Sophie Cookson Steals the Spy Spotlight in Red Joan
Joan Stanley (Judi Dench) was living quietly in retirement when, shockingly, the British Secret Service places her under arrest. Charged with providing classified scientific information on plans for building the atomic bomb—to the KGB for decades beginning in the 1940’s, she is interrogated. Forced to relive the dramatic events of her past that shaped her life and beliefs, Joan is now faced with the dilemma of admitting the truth or suppressing facts for the sake of family. The one moment you get the sense that Joan really felt like being a spy was what she believed to best for humanity and her civic duty is when she shares with investigators, “Everybody did it back then! It was the ‘in’ thing.”
Based on the compelling true story of Melita Norwood, RED JOAN highlights the human conflict between patriotism, love, courage and betrayal of a woman who’s spent a lifetime being underestimated, while quietly changing the course of history. Sophie Cookson, as the younger Joan, is the real star of this film. Cookson commands the screen with every moment she inhabits it and is exquisitely directed by the legendary Trevor Nunn. The seamless, yet intentional manner Nunn weaves between the elderly Joan (Judi Dench) and younger Joan (Sophie Cookson) as they recall her years at Cambridge and beyond are masterful.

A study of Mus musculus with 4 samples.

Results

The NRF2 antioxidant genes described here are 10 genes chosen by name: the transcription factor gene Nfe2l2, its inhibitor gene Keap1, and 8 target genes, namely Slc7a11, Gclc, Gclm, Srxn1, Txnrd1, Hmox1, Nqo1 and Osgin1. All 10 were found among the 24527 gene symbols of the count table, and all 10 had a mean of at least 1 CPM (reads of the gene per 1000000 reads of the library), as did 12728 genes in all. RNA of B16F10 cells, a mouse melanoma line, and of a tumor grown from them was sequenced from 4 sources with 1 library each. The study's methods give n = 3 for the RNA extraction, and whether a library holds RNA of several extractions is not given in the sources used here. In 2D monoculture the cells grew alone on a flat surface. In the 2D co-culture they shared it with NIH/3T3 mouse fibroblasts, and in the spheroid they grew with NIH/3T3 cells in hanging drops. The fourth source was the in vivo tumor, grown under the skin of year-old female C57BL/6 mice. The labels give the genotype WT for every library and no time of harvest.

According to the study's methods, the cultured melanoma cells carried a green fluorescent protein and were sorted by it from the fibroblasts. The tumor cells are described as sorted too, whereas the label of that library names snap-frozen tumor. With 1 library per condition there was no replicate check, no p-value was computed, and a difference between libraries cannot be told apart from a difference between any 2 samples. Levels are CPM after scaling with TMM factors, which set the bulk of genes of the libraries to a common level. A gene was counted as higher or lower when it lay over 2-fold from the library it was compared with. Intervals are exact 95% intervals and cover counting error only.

Cookson’s portrayal of Joan illustrates just how far a woman would go for the man she loves.
The man who intoxicated her into espionage and the married man she desperately wants to save from her ill-fated choices.
Red Joan also sheds light on how men of that era devalued and underestimated women. Which is exactly why women like Melita Norwood, international entertainer Josephine Baker and even Harriet Tubman were able to fly under the radar all in the name of country, patriotism, love and or freedom.
After admitting guilt at a press conference in her suburban garden, The Granny Spy was not prosecuted by the British Government due to her age (which by this time was mid-80’s). Melita Norwood died at age 93.
As an enormous Judi Dench fan, I have to admit that I was taken aback at how her talent is underused in this spy/thriller drama. Red Joan is more of a master showcase for the talents of Sophie Cookson, who is absolutely spectacular. If you are intrigued by spy dramas, love stories and Judi Dench, don’t hesitate to find your way to a theatre for IFC Films Red Joan right now.